As you may know, there are approximately 5,489,621 pins on Pinterest about making your own homemade laundry detergent. I've pondered upon many of them for some time now.
Today, in demonstrating to all of you how to make your own LD (laundry detergent, duh) I will also be demonstrating, mostly to myself, the lost art of follow-through.
Follow-through, people. Follow. Through.
This tutorial is an easy way to successfully accomplish a little follow-through. Start to finish, that's what it's all about.
Back to the main topic. LD. There are two main types of LD, powder and liquid. Some folks are for powder detergent and some are for liquid detergent.
The powder detergent is a little less messy of a process and it takes less steps to get to the finished product. I am sure they both clean skid-marks to the same degree.
The total cost of the project was somewhere around $8 or $9. Definitely less than $10.
I am not sure how many batches of laundry this stuff does, but I know it's a lot. More than what a normal size container of Tide, Cheer or Gain can do.
I can also testify that this homemade concoction cleans very well. A lot of recipes call for only the "Fels Naptha" laundry soap, but it leaves your laundry with little to no scent. You may like that, you may not. I like a nice, clean, fresh laundry smell, so I added Lever 2000 body soap to my batch.
Homemade Powder LD Tutorial
1 Cup Borax
1 Cup Arm&Hammer Super Washing Soda (NOT Baking Soda)
1 Bar of Laundry Soap, aka, Fels Naptha
*Optional - extra bar of yummy smelling soap. I hear that Dove is an excellent option. I went with Lever 2000 because it was on sale and because I liked the fresh, clean smell (flowers and tropical scents are not my laundry preference).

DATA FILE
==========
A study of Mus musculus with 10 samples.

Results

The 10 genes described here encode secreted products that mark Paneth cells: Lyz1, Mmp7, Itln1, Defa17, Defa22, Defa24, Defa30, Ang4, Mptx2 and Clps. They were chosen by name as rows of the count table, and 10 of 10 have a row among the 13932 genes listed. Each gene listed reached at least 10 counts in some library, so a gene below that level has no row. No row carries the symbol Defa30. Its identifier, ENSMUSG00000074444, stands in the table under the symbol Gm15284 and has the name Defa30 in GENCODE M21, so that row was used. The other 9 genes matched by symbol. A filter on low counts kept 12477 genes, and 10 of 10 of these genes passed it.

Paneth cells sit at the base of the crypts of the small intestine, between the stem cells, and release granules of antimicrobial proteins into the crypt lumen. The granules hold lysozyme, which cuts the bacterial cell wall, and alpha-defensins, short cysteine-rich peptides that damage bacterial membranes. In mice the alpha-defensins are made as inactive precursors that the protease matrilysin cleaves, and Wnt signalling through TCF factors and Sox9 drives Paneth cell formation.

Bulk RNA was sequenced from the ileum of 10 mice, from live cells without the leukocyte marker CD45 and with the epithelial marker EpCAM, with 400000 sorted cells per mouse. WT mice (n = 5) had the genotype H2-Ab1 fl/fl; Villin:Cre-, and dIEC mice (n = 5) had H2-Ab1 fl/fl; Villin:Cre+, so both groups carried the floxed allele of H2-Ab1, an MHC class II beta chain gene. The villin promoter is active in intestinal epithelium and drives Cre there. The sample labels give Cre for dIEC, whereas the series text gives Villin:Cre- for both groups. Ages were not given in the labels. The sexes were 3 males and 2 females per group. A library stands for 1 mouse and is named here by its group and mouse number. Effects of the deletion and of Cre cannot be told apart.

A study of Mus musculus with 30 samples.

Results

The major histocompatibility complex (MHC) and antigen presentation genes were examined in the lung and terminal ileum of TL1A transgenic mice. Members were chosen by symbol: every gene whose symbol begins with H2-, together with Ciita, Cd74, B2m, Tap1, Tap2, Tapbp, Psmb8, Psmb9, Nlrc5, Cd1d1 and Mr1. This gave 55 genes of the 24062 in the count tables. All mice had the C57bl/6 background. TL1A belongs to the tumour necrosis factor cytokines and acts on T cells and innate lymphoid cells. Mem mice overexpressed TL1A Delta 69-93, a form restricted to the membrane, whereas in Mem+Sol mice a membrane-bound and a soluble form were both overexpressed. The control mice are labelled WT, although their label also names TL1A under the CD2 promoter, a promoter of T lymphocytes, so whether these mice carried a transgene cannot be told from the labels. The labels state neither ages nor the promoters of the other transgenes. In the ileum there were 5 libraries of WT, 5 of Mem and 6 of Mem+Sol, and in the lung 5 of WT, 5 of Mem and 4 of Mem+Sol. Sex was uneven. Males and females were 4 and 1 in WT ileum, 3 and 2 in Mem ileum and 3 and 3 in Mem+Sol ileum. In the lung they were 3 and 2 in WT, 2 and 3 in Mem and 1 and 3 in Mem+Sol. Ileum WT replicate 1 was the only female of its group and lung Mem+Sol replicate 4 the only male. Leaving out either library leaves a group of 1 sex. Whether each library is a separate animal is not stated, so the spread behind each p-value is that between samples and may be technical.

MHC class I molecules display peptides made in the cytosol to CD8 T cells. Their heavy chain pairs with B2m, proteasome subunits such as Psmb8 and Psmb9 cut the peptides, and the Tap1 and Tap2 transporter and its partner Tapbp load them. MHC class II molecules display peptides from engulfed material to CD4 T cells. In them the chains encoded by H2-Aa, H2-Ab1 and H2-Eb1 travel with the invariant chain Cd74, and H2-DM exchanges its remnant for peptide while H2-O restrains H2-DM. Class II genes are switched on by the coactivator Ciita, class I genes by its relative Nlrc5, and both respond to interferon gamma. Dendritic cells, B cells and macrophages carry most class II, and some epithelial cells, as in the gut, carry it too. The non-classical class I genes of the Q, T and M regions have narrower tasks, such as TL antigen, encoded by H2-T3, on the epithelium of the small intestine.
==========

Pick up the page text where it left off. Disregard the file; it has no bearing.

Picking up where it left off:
**These ingredients are in almost every grocery store. There's no need to make a trip to Walmart or Target, unless you want to. Check out your local Food Lion or Publix (in my case, Giant or Fresh Grocer).
***I ended up making a double or triple batch of this stuff. I didn't want to have extra borax and washing soda and bar soap around if I had enough left over to make more. What ever you decide to do, just make sure to use a 1:1:1 ratio (1c. borax, 1c. soda, 1bar soap). It's okay to use an extra bar of soap if you are wanting to up the scent factor. Just keep that ratio in mind.
1. Grate, grate, grate....oh, great.
- Grate all bars of soap, Fels Naptha and any other bars you may be including.
- This will be an arm workout, unless you are already buff. If so, please grate the bars of soap with your arms above your head. You should feel the burn, as well as, the accumulation of soap flakes on top of your head. Make sure to do this in a public place. Thanks.
|The soap flakes should look like this.|
|Note: This is NOT cheese. Please keep it out of the reach of your small children and/or oblivious husbands/boyfriends. Unless, of course, they have a tendency towards expletives and negative words. In that case, I say...Eat Up!|
- This step isn't absolutely necessary. If you don't have a food processor or a blender, don't fret my pet, just skip it (come on everybody and...skip it!).
-However, if you do have either of those small appliances, dust them off and dump in your grated soaps.
- Run it on the chop setting until your flakes turn to small, soapy balls...think, Dippin' Dots.
|Dippin' Dots for your Laundry!|
|It already smells so clean.|
|As you can tell by the picture, I used 2 cups. I doubled the batch. See note above, under Cast & Quantities.|
6. Mix it all together so everything is evenly dispersed.
- Use only 1-2 tablespoons per load. I usually use two. I like to overload the washer for some reason. Feel free to use more if you have an extra dirty load.
- Make a cute label, if you want. I printed this on label paper. You know, the kind you can buy at Staples, like this.
How's that for easy, peasy.
Now that I've done one good deed for the day, I'm off to perform another by saving the world from greasy hair and BO. Shower time, ya'll!!